Cattle Markets Pick Up After Slow Period

US - Across Saskatchewan, cattle are on the move. After months of lower trading volumes, a number of factors have combined to create a spike in movements.
calendar icon 26 March 2007

The movement started in the second week of February, with 18,500 head being traded, compared to 8,400 the week before.

The strong numbers continued, with subsequent weeks seeing cattle trading volumes of 21,000 head and 25,000 head.

Russell says there are a number of factors driving the increase.

“Coming into these past weeks, we hadn’t moved as many cattle as we traditionally see in the fall, or even in the early part of 2007. So it was overdue to have these larger numbers coming through,” said Russell.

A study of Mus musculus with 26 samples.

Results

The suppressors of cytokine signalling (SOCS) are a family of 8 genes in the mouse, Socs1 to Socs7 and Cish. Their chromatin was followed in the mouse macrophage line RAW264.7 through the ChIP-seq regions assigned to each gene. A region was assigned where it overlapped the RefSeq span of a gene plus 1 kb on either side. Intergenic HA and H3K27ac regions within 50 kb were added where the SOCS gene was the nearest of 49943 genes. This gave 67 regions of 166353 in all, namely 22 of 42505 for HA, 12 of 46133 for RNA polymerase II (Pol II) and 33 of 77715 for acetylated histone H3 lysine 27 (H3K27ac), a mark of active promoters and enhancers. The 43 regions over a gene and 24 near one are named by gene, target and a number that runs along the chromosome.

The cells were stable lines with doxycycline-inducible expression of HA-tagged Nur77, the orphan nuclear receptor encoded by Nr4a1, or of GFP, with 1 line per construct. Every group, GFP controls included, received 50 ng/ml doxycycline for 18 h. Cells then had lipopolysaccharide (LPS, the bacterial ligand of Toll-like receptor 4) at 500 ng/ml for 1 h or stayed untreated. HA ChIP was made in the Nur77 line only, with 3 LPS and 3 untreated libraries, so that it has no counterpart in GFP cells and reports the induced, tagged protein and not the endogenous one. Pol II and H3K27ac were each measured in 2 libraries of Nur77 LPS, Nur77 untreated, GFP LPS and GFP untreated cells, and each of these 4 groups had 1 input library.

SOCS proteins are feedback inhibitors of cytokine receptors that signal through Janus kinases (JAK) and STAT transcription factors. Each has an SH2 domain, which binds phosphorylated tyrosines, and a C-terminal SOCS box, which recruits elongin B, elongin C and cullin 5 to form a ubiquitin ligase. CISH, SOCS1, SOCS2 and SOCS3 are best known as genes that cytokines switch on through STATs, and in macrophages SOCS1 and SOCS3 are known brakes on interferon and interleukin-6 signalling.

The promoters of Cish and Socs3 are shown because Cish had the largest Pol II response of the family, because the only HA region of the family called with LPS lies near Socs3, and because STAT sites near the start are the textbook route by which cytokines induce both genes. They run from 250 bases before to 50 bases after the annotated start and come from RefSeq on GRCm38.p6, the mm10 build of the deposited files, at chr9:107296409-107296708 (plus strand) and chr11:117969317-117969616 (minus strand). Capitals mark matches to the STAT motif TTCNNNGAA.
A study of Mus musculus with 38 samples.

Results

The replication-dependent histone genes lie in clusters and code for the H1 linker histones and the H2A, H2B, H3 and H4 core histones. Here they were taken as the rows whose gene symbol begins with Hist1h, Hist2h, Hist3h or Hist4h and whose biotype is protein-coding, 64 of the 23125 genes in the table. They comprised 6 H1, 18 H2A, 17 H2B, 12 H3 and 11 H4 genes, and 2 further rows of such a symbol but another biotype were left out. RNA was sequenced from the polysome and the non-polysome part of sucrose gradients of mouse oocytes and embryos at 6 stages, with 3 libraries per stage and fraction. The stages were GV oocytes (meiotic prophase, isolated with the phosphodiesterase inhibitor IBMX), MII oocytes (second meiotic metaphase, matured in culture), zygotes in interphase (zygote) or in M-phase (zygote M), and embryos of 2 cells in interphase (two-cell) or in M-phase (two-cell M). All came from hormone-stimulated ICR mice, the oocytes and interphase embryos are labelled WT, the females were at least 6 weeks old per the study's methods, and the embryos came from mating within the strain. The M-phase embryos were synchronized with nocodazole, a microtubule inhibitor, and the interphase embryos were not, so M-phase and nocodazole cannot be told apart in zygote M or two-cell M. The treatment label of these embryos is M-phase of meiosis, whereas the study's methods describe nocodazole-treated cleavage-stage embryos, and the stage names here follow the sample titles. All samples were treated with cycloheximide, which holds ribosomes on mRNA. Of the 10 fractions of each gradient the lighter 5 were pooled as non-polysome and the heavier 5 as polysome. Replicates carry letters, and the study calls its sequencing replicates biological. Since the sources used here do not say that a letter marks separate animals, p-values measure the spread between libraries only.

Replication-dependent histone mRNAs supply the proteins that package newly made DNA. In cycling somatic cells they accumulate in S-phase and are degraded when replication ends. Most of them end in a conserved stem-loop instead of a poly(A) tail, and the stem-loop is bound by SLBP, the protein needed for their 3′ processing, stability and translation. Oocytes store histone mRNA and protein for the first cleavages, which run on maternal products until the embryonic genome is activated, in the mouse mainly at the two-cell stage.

Russell says a big reason for the lower numbers was market prices.

“From about the first week of September to the end of the year, prices were on an almost continual decline. So that was sending signals to producers, who decided they just didn’t want to market their cattle at the prices being offered. Prices were pretty steady in the first few weeks of the year and volumes were small, as is usually the case,” explained Russell.

Then, in mid-February, prices started to rise and producers started to respond. “That is what started pulling cattle to town,” said Russell.

But weather was also a key factor. “If it’s minus 40, neither the handler nor the cattle want to move. When it is cold and storming, that affects the ability to move cattle to the market, but it also affects those who are buying the cattle,” she stated.